New Coalition Forms to Lower Drug Prices By Fighting Patent Abuse
Consumer groups, patient advocacy organizations, employers, health care providers, free market advocates, and others launched a coalition today in a new effort to lower drug prices by exposing how drug companies abuse our patent system to maintain their monopolies, stifle competition, and keep lower cost generic drugs from patients. The new Coalition Against Patent Abuse (CAPA) advocates for policies to stop the tactics drug companies use to extend their government-granted monopolies by years and even decades beyond what Congress intended.
In its launch event at the U.S. Capitol, a panel of experts spoke about the need to end patent abuse and possible reforms. The panelists were Professor Michael Carrier of Rutgers University, Adam Garber from U.S. PIRG, David Mitchell from Patients for Affordable Drugs NOW, and George Slover from Consumer Reports.
“The abuse of our nation’s patent system by pharmaceutical companies is keeping drug prices high, “ said Beau Phillips, Executive Director of CAPA. “A recent study found that 75% of all pharmaceutical patents between 2005 and 2015 were issued on old, previously patented medicines, not new drugs. The patent system is supposed to reward true innovations, not the creativity of drug companies’ legal departments.”
The event focused on rising drug prices and how patent abuse is a big contributor to this problem. When more affordable generic drugs enter the market, prices of drugs fall by up to 90%, and brand name drug companies are exploiting complex systems to bar generic drugs and keep their monopolies. And there are many anticompetitive practices, from fraudulent citizen petitions, to denial of samples to generic companies so they can’t enter the market, to rebates and bundling, to making slight changes to drugs in order to extend patents, to patent thickets where companies file patents on every state of a drug’s development. To give just one example: AbbVie filed two hundred and forty-seven patents on Humira in order to prevent generic versions of the drug from entering the market and to extend their patent exclusivity well beyond 2016 when its initial patent was set to expire. These new patents would extend its monopoly to 2034.
The participants noted that 80% of Americans think that Congress’s top priority should be lowering drug prices, and that the patent system for drugs is currently being abused to harm innovation. Generic drugs work just as well for patients and they cost significantly less, so this manipulation is harming people’s health and finances, discouraging research and development on new lifesaving medicines, and increasing health care costs.
David Mitchell from Patients for Affordable Drugs NOW spoke eloquently about how patients were being harmed by patent abuse. They have to choose between paying their rent and paying for their medicines, and skyrocketing drug costs are causing people to not fill prescriptions, or even cut their pills in half. “Drugs don’t work if people can’t afford them,” he said. “We strongly support patent reform to get more generics and biosimilars to market to lower the prices of prescription drugs.” He also pointed out that many drug companies have relied on price hikes instead of innovation to reap greater profits, and that stopping patent abuse would correct this state of affairs and promote research and development of new medicines!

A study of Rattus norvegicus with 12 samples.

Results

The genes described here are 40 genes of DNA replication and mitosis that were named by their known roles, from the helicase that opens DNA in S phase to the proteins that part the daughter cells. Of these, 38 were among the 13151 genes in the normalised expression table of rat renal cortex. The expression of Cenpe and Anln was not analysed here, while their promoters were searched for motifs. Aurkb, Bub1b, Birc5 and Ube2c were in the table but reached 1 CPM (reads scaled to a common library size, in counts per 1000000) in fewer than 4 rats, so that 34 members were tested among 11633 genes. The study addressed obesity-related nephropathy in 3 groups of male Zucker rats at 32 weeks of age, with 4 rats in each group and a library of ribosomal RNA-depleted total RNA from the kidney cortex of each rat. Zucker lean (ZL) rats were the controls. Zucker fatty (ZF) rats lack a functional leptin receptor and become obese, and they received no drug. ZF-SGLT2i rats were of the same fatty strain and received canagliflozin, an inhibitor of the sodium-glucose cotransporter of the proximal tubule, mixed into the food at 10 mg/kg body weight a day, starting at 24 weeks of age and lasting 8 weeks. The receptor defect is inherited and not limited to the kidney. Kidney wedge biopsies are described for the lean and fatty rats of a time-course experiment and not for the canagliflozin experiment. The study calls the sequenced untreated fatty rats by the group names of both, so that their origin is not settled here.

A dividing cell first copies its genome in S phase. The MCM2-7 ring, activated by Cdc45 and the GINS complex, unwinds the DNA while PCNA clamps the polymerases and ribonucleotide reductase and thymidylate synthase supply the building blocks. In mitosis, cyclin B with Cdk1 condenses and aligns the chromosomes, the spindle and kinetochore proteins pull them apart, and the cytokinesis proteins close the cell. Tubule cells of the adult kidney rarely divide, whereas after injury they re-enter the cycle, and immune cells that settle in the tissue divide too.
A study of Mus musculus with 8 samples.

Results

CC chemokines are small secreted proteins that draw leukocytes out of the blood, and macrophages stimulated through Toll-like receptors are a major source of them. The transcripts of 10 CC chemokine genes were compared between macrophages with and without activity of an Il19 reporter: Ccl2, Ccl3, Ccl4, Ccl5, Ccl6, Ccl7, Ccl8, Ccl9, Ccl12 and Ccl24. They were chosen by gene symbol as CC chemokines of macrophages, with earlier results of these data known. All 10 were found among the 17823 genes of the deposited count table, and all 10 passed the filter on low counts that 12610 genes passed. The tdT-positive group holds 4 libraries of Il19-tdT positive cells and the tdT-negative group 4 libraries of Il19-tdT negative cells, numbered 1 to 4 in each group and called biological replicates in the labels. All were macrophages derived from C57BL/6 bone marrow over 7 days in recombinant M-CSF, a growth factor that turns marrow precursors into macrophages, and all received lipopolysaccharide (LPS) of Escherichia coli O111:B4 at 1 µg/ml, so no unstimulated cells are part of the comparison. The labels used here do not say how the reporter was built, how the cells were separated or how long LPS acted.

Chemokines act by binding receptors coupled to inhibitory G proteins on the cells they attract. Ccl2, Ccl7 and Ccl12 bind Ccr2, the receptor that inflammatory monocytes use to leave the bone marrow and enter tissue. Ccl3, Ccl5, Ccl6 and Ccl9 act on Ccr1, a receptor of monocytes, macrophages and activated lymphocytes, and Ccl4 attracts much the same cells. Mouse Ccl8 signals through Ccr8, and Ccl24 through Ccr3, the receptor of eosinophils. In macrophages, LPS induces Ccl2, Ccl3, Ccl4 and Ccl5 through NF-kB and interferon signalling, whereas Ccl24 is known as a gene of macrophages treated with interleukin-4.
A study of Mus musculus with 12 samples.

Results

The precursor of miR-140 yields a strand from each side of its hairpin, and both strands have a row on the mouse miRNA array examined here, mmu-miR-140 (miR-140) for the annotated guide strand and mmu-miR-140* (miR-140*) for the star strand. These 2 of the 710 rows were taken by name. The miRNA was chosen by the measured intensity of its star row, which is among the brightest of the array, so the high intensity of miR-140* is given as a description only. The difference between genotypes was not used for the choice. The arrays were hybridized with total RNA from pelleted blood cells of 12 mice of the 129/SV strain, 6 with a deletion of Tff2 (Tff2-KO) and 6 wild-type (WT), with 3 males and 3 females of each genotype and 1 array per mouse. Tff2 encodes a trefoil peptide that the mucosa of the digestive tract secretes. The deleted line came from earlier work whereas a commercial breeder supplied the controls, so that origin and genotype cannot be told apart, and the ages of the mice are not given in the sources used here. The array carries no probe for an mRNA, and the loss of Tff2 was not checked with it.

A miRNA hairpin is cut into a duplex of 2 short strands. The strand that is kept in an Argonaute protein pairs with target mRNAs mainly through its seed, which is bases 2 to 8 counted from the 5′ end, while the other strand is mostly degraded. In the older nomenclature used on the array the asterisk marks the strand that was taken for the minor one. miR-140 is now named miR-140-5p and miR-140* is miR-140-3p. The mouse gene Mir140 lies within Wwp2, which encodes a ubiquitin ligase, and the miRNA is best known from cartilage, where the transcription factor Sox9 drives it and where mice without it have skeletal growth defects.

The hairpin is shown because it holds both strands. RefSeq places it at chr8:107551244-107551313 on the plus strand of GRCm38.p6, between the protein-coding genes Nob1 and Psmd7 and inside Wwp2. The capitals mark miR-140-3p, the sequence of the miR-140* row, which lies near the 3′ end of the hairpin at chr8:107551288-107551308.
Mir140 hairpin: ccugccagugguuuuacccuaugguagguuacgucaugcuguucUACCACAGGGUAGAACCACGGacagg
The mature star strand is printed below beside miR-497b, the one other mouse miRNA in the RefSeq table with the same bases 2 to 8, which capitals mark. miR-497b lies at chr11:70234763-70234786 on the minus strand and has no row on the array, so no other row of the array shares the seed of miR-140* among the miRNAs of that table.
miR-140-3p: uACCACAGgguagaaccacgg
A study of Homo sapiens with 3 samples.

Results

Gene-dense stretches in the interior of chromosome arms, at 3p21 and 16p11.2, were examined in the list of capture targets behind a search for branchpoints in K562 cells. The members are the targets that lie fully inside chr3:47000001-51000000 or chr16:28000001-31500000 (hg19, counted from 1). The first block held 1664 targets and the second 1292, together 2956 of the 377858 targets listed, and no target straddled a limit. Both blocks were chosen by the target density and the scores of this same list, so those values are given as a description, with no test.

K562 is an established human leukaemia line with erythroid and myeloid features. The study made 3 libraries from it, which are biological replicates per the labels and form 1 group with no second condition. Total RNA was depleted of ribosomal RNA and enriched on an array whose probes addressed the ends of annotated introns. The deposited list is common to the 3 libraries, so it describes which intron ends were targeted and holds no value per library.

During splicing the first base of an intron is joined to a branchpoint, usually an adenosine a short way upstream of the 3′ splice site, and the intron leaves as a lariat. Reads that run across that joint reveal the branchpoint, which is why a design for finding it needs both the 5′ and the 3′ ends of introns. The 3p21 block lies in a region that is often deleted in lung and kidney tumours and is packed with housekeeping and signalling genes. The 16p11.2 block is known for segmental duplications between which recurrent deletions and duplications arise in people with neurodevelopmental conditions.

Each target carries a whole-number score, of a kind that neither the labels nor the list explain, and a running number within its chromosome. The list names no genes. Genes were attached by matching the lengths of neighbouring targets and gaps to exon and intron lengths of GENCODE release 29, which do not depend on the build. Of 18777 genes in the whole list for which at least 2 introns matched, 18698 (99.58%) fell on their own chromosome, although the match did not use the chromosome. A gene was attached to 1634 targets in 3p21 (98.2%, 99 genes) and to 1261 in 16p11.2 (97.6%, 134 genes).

The panel concluded with some suggested reforms. These solutions include the CREATES Act, which requires brand companies to provide samples so cheaper generic drugs can be developed, stronger enforcement mechanisms that make it more costly to abuse the system, stronger congressional oversight of the Patent Office, and more cases against bad actors.
Representative Frank Pallone, Chair of the House Energy and Commerce Committee, made an appearance and gave a few brief remarks. He stated he was a big supporter of generic drugs as a way to lower drug prices and that “rising drug prices are the biggest health care issue that’s mentioned by our constituents.” He told the audience that lowering drug costs, ending patent abuse, and bringing more generics to market were all top priorities for House Democrats, and hopefully there could be a bipartisan agreement on the issue.
CAPA members include Consumer Action, U.S. PIRG, Citizen Outreach, Kaiser Permanente, Campaign for Sustainable Rx Pricing, Innovation Defense Fund, Institute for Liberty, Knowledge Ecology International, Lincoln Network, R Street Institute, the Association for Accessible Medicines, and the Society for Patient Centered Orthopedics. Its numbers are growing.
To learn more about CAPA, visit www.capanow.org.